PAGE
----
Monday 24 October 2016

Van, Caboose and Wood Chip Hopper

Its been awhile since my last post.   Summer has been very busy in our household and not much modelling has taken place.  I've been back at the bench for a couple of weeks now and have a few photos to share.

  First up is the MEC Cabosse 663 from my previous post.  I manged to put it together and get it weathered.  I used an Oil wash and Pan Pastels to achieve the look I was after.  I may still add a bit of road grime to the trucks with my Airbrush, but my paint booth is out of commission right now so that will have to wait.

  The trucks also need some attention.  The Gould Caboose trucks from Proto are nicely rendered; but the brake shoes included snap on poorly and they rub the wheel tread.  I need to decide if I'm going to remove them or try and trim them down so they don't rub.

Next up is CN Van 79150.  Its an offering by True Line Trains.  I replaced the plastic running board with one I made from wood.

 I used a technique of Trevor Marshall's, gluing wood strips (scale 1"x 6") onto  a 0.01" styrene base plate.  I then stained the boards with Hunterline stain.  This was followed by panting the entire running board assembly with flat black paint.  I sanded the boards to remove most of the paint, leaving a nice weathered look to the boards, but everything else remains black to blend with the roof.  This is the first time I attempted this technique and will be using it again.

 Weathering was a dirty brown oil wash on the body, with Pan Pastels on the trucks.  Full strength artists oils were dabbed along the bottom of the side with a tooth pick and pulled up the side with a dry brush to simulate dirt and road grime working its way up the tongue and groove siding.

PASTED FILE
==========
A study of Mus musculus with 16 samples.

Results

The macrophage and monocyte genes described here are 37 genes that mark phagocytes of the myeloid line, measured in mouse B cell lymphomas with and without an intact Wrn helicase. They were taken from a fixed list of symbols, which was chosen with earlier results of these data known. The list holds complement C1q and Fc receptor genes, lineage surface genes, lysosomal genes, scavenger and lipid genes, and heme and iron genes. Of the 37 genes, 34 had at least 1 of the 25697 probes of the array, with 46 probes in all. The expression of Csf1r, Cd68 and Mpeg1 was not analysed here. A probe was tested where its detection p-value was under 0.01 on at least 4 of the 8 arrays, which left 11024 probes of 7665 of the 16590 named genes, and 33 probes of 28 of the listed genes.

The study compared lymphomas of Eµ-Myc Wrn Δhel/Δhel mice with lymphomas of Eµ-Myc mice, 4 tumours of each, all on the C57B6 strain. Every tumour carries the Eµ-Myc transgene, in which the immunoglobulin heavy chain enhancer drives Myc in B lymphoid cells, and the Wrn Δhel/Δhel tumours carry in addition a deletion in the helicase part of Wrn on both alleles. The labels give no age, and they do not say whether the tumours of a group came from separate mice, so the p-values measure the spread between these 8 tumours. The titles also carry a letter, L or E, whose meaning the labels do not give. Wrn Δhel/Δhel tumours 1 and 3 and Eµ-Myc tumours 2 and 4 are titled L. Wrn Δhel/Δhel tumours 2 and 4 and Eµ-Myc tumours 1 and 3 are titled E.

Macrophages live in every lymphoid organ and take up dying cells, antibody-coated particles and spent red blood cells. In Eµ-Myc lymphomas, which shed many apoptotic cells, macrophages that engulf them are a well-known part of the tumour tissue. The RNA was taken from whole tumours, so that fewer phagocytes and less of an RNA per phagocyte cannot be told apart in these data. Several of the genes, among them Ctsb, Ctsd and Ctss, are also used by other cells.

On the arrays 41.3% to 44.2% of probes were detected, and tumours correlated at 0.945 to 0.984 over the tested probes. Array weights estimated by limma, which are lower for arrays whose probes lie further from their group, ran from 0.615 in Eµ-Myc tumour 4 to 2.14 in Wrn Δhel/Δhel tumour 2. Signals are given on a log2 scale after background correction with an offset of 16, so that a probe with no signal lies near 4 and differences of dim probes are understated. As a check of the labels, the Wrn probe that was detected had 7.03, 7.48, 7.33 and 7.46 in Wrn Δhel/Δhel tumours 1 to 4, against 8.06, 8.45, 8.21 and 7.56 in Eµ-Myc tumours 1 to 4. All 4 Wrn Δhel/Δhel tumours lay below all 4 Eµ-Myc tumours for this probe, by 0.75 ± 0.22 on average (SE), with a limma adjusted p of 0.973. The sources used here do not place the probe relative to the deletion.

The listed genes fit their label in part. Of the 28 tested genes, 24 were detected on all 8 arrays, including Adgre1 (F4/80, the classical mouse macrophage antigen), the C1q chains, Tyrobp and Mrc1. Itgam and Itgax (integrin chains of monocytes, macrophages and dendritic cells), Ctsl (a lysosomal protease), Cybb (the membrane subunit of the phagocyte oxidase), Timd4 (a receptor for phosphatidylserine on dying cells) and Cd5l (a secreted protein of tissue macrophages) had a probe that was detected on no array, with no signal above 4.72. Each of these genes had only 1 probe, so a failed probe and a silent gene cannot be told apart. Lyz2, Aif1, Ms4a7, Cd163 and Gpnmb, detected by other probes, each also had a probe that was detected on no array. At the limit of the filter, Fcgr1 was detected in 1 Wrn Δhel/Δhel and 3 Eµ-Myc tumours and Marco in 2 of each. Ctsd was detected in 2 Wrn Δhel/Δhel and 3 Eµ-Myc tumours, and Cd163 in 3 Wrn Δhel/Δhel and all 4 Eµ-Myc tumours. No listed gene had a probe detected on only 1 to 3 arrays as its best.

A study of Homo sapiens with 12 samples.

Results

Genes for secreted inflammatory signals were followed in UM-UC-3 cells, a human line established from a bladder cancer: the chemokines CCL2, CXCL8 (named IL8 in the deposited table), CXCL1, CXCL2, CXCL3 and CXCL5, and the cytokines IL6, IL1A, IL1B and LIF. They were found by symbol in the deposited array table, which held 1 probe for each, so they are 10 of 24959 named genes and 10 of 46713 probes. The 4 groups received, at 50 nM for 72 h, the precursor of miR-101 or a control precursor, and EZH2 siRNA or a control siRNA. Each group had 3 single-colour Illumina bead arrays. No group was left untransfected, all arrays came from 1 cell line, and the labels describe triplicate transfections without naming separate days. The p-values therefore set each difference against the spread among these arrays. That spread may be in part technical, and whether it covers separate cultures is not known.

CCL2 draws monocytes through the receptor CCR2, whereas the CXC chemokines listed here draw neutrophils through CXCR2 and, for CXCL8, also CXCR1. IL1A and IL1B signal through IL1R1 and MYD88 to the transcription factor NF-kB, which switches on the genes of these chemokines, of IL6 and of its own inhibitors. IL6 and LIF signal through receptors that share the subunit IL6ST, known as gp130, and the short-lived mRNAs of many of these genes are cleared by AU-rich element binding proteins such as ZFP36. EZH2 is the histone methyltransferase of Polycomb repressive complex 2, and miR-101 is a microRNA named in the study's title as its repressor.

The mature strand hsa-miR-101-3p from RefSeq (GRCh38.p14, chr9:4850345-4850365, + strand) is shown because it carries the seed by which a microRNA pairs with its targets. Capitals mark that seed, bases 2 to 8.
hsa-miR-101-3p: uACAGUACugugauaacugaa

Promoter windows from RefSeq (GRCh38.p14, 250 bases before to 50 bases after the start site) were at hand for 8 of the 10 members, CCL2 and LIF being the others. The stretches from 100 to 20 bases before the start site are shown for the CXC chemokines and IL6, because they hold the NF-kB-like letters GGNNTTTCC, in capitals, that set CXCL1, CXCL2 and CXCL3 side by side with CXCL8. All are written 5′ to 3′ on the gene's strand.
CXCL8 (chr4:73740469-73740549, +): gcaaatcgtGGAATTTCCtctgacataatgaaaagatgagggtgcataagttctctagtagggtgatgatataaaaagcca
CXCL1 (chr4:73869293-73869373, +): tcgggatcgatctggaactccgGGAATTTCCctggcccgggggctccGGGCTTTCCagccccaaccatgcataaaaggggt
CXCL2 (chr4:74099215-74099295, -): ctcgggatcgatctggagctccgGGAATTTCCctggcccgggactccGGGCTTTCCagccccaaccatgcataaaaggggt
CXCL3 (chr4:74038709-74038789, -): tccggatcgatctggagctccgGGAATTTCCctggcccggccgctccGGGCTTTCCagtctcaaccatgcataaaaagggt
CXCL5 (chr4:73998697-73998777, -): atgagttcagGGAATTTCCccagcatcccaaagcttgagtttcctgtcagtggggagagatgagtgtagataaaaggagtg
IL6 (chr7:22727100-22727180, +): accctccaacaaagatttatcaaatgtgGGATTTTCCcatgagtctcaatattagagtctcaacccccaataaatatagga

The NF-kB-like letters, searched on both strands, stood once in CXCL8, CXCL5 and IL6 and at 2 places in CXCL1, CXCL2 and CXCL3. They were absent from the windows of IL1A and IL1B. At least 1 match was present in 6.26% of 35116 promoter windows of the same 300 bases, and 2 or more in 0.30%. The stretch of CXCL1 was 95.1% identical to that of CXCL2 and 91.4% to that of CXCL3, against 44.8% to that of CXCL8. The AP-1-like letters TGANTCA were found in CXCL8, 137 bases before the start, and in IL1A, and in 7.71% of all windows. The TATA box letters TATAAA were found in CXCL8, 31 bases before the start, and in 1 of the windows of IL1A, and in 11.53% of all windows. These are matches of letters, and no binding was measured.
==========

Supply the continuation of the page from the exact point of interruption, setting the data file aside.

The third car is a kitbash of a GTW Wood Chip Hopper.  I'll write more about the car history in a future post, after I get it painted and decaled.

 It started out life as a 70 Ton Accurail 3 bay offset side open hopper.  I scratch built the extensions from strip wood and styrene. Wire grabs, NBW's and a whole whack of Tichy rivets added hours of enjoyment building it.  I bent up some cut levers from phosphor bronze wire and added tow hook loops to match the prototype.  I even made up strengthening panels along the sill where the tow eye loops are attached.  These are fastened with rivets on the prototype, so more Tichy rivets here.

 Other details include a Kadde brake wheel, DA brake housing, chain and etched Brake Platform cut from a left over chunk of Apex style running board.  I think I'll add a Train line also.

 If anyone knows the function of the 3 pockets on the side of the wood chip extension, I would be interested in learning their purpose.  My best guess is they might be needed to accommodate some type of car unloading system. 


  1. Wow. Just wow. That wood chip hopper is just awesome!

    1. Colin

      Thanks these projects were a lot of fun.

  2. Beautiful job on that woodchip hopper, Ryan- that's some real craftsmanship! And the weathering on the cabooses looks great, too. Nice work!

    Tom Patterson

  3. I think I read somewhere that the pockets where used to stick something in to break up loads that had frozen. But I cannot recall for sure, or where I read that. I believe it was related to the Portland Terminal hoppers, but these are essentially the same design.

    1. Mike thanks for the feedback about the pockets. This makes more sense than an unloading device, as most of the woodchiop hoppers that have these pockets, never seam to have them in the exact same place along the sides.

  4. Very impressive work on the hopper extension. The use of real wood will really bring a nice contrast in textures once painted.

    BTW, I love the subtle weathering on your MEC caboose. Just enough to feel it's made of steel.